A Letter to salespersons
Do you sometimes wish you had a different job from your current sales job? Are you oftentimes under intense pressure to quit? Do people keep you waiting for hours only to dismiss your sales presentation in seconds? Does it feel sometimes like yours is actually the worst profession in the world?
Cheer up, you are not alone. You are not the only one whose heart beats rather fast as you contemplate your first meeting with an AAA prospect; you are not the only one who's been warned by your boss that you'd better do something about your poor target practice or else…; you are not the only one who has contemplated changing jobs in order to save yourself the anxiety involved in meeting merciless targets.
No, you are not alone. Walter Haley (the author of BEING THE BEST, remember?), who is today an icon in salesmanship, walked this same path. According to his story, he faced closed doors, low sales, nervous stomach, frustration, anxiety, and virtually every other symptom associated with an individual who is uncertain of his future and how he's going to survive in the sales world. Does that sound like someone you know?
Each time I tell this Haley story, someone reminds me that whatever the said Walter Haley passed through, it couldn't be half as bad as we endure here because he operated in the American economy which is as different from the Nigerian economy, as New York is from Dutse, Not wanting to engage in an argument over the similarities in the challenges that salespeople face, I simply step back psychologically and pull out another example, this time pretty close to home - my own story.
Before I was hired by a petroleum products marketing company a decade and a half ago, to sell its lines of lubricants to industrial users, I thought selling was something that anyone with a bit of charisma could do. I had been called a salesman many times before then because I could talk fast and long, think on my feet, and generally present my viewpoints with gusto. But when I hit the selling road, I found out that selling was a different ball game altogether. I would enthusiastically rush to a company only for the gatemen to keep me from seeing the people who made the purchasing decisions. On occasions when I managed to see them, they would tell me flat out that they were buying from my competitors. Some asked me for lower prices that I'd look stupid proposing to my sales manager. The most painful experience was in companies owned by some Asians where a gateman would peep at me through a tiny hole in the gate and dismiss me 'instanta'. Even to get a place to make a presentation became a problem.
Often times, I'd lie awake at night, regretting ever leaving my secure job as a business editor in a struggling monthly business magazine to take up the thankless sales job. Nothing prepared me for the 'humiliating' experience. I learnt what it was like to wake up everyday with the fear that this may be my last day at work because my sales figures were lagging so far behind target that I was ashamed to state my achievement in percentage-of-target format. Some of my colleagues were fired so high they almost broke their waists but, somehow, I kept escaping the purge. Reminds me of a cartoon I saw once where the CEO of a company declared that firing would continue until employee morale improved. The firing did not improve my own morale. On the contrary, my morale sagged so low you could literally feel me dragging it behind me in the office. With my morale, sagged my productivity. And the more I underproduced, the less confident I became; the less confident I became, the more confused and disoriented I became. My sights became lowered. My dressing became sloppy. I started to withdraw from my friends because a poor sense of self was beginning to ensure that I did things that did not lead to success. Things were deteriorating in my sales territory: I'd go through weeks of not even being able to make a single presentation to a prospect. At a point, I really wouldn't have minded as such being turned down for the sale - if I could only be extended the privilege of being heard. Getting heard was accomplishment enough, yet I was not even getting heard! I started to formulate stories of accomplishments to shore up my value before even casual acquaintances that hardly knew me and certainly didn't know that I was having a problem meeting my targets. Paranoia set in - if I found two people laughing after I passed, they had to be discussing my poor sales records. It was that bad.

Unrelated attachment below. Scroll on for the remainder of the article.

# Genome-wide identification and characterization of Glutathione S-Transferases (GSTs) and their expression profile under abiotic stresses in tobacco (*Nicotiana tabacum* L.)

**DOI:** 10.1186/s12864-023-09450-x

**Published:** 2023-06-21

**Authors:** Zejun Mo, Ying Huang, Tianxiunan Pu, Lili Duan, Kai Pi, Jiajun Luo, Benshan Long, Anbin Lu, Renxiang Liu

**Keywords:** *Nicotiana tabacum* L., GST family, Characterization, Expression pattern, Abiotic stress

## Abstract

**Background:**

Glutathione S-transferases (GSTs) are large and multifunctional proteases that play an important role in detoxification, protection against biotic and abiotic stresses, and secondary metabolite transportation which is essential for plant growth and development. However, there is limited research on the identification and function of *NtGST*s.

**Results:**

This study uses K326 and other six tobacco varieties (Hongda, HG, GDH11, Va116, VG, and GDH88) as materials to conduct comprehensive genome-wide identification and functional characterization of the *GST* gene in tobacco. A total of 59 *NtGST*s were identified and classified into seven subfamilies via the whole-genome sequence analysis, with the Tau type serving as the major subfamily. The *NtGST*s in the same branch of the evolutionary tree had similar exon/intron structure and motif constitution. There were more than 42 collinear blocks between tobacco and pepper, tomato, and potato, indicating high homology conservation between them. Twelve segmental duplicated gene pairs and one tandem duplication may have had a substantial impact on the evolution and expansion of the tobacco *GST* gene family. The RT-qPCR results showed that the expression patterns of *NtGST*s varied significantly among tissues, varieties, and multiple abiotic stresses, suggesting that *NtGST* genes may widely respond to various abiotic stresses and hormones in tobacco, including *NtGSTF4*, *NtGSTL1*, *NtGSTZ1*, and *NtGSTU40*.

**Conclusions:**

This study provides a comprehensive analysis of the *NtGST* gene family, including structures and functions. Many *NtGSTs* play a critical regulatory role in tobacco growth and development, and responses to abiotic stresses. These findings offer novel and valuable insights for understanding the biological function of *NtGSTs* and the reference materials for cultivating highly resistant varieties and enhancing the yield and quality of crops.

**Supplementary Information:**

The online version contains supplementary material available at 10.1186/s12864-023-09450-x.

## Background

One day, as I was walking to Oshodi from Ilupeju where I'd had an unsavory experience with a prospect, I was consumed in self-pity and did not know that I'd walked into the path of an approaching train. The warning shouts of traders didn't register and someone had to physically push me off the rail track. Saved by the bell as it were, I decided I'd had enough of this 'nonsense' called sales. I especially wanted to quit selling for that company. It was, I firmly decided, time up!
I wanted so badly to take a break, quit and reorganize my life! And that was when I came across the Walter Haley story. Let's now continue the story from where we left it. We'd said that - just like me - he faced closed doors, low sales, frustration, anxiety, and virtually every other symptom associated with an individual who is uncertain of his future and how he's going to survive in the sales world. His discouragement was reported as being so bad that he went to his manager and told him he was quitting, getting out of the business of selling insurance. The manager said, " Walter, you can't get out of the insurance business, you have never really gotten into the insurance business. YOU CANNOT GET OUT OF SOMETHING YOU HAVE NEVER BEEN IN.